I was also studying the spring framework and there it mentions some beans have to declared as inner beans as their state changes . What does that means?


(Well, that's true for HTTP up to 1.0 at any rate. HTTP 1.1 adds persistent connection mechanisms of various sorts because of the inevitable performance problems that a truly stateless protocol engenders. We'll overlook this for the moment because they don't really make HTTP stateful, they just make it dirty-stateless instead of pure-stateless.)

To help you understand the difference, imagine that a protocol like Telnet or SSH were stateless. If you wanted to get a directory listing of a remote file, you would have to, as one atomic operation, connect, sign in, change to the directory and issue the ls command. When the ls command finished displaying the directory contents, the connection would close. If you then wanted to display the contents of a specific file you would have to again connect, sign in, change to the directory and now issue the cat command. When the command displaying the file finished, the connection would again close.

When you look at it that way, though the lens of Telnet/SSH, that sounds pretty stupid, doesn't it? Well, in some ways it is and in some ways it isn't. When a protocol is stateless, the server can do some pretty good optimizations and the data can be spread around easily. Servers using stateless protocols can scale very effectively, so while the actual individual data transfers can be very slow (opening and closing TCP connections is NOT cheap!) an overall system can be very, very efficient and can scale to any number of users.

But...

Almost anything you want to do other than viewing static web pages will involve sessions and states. When HTTP is used for its original purpose (sharing static information like scientific papers) the stateless protocol makes a lot of sense. When you start using it for things like web applications, online stores, etc. then statelessness starts to be a bother because these are inherently stateful activities. As a result people very rapidly came up with ways to slather state on top of the stateless protocol. These mechanisms have included things like cookies, like encoding state in the URLs and having the server dynamically fire up data based on those, like hidden state requests, like ... well, like a whole bunch of things up to and including the more modern things like Web Sockets.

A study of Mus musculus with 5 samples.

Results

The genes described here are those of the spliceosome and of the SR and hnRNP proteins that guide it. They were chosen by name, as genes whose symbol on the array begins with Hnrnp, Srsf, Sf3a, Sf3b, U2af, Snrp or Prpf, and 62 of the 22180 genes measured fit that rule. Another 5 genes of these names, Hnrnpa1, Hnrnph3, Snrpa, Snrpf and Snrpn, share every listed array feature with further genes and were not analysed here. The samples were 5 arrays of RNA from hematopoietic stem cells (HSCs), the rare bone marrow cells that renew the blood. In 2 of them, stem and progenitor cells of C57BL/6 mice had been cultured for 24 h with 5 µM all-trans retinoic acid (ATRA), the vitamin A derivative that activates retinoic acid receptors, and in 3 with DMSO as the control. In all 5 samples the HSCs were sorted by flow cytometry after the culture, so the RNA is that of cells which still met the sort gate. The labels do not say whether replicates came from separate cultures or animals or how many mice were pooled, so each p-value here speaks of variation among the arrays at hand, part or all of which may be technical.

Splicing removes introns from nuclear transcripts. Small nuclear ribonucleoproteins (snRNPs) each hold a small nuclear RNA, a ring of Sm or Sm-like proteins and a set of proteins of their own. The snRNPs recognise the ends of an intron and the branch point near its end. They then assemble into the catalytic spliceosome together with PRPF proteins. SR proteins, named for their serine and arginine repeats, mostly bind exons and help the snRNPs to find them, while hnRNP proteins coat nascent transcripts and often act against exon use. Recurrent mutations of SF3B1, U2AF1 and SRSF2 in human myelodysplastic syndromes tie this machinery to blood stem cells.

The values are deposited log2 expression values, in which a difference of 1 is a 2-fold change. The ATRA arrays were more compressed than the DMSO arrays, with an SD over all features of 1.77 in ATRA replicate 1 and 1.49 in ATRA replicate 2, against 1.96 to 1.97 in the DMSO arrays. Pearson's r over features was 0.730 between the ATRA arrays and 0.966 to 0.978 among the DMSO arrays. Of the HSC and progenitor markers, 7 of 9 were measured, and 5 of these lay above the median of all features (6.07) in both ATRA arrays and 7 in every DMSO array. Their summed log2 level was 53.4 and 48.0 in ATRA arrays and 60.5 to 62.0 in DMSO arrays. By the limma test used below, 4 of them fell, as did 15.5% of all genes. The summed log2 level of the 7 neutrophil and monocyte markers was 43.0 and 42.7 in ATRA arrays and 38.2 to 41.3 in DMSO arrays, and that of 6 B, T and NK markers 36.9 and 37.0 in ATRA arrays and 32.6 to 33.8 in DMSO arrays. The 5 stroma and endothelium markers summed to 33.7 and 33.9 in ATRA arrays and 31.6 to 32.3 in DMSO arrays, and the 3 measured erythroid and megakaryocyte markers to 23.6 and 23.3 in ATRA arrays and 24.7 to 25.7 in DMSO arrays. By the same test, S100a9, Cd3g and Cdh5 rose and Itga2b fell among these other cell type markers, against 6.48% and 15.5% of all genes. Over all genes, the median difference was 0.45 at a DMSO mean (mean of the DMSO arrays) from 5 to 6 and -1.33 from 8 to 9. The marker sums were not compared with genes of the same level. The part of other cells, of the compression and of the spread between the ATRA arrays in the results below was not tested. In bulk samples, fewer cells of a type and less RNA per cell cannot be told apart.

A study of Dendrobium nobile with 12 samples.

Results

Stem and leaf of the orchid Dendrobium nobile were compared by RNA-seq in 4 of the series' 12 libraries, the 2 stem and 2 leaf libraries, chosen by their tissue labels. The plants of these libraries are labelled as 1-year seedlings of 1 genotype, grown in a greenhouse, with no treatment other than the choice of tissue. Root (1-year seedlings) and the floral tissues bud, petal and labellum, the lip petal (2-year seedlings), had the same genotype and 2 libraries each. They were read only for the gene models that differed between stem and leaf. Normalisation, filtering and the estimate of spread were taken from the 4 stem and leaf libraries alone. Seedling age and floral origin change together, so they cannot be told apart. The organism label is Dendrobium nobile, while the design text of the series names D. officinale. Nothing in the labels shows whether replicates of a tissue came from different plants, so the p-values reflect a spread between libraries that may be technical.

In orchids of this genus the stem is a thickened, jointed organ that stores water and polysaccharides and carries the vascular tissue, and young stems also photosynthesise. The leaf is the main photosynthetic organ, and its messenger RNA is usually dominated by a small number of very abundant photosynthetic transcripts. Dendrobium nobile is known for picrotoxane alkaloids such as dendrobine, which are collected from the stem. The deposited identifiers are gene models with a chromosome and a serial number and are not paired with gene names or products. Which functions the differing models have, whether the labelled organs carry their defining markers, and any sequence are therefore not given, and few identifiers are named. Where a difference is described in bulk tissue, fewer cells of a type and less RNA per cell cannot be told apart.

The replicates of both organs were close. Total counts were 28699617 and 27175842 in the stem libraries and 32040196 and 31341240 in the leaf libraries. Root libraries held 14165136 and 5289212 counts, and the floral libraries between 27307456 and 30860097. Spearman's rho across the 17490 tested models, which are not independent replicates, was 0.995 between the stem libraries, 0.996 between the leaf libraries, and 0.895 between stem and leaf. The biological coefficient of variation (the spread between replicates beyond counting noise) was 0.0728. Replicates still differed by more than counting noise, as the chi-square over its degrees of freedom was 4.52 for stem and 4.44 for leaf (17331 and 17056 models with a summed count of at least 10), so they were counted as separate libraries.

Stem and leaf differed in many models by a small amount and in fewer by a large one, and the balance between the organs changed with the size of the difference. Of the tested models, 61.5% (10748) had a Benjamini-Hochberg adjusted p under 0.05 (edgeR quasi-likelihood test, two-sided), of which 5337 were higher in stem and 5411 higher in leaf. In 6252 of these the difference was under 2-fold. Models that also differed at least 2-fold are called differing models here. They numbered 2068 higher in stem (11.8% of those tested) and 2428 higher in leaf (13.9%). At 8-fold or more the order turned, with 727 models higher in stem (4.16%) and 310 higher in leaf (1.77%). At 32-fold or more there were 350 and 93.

Here are a few links you can follow to get a deeper understanding of the concepts:

  • thanks for useful stuff , but suppose if http2.1 becomes stateful then how current scenario chnage with respect to web page display. i mean i want to see the diff now and then – John Feb 6 '11 at 14:47
  • 1.1, not 2.1. ;) And as I said, HTTP 1.1 doesn't really go stateful. It just has some optimizing tricks that allow you to reuse connections, etc. From the web browser perspective it means that your web sites load more quickly because you only have to negotiate the TCP connection once for those HTML file + 3 images (to use my example) instead of 4 times. – JUST MY correct OPINION Feb 6 '11 at 14:51

Normally, in order to maintain state in web application, one uses cookies.


A common solution is the use of HTTP cookies. Other methods include server side sessions, hidden variables (when the current page is a form), and URL-rewriting using URI-encoded parameters, e.g., /index.php?session_id=some_unique_session_code.

here


This shortcoming of HTTP is being addressed in a number of new technologies, including cookies.

  • ActiveX, Java and Javascript do not address the fact that http is stateless, they leverage on cookies, url rewriting, etc to maintain state – Luis Feb 6 '11 at 14:19

By default the HTTP protocol assumes a truly stateless server. Every request is treated as an independent request.

In practice this is fixed by some servers (most of them) using a tracking cookie in the request to match some state on the server with a specific client. This works because the way cookies work (they are posted to server on each subsequent requests once they have been set on the client).

Basically a server that isn't stateless is an impediment to scale. You need to either make sure that you route all the requests from a specific browser to the same instance or to do backend replication of the states. This usually is a limiting factor when trying to scale an application.

There are some other solutions for keeping track of state (see rails's encrypted state cookie) but basically if you want to grow you need to figure a way to avoid tracking state on the server :).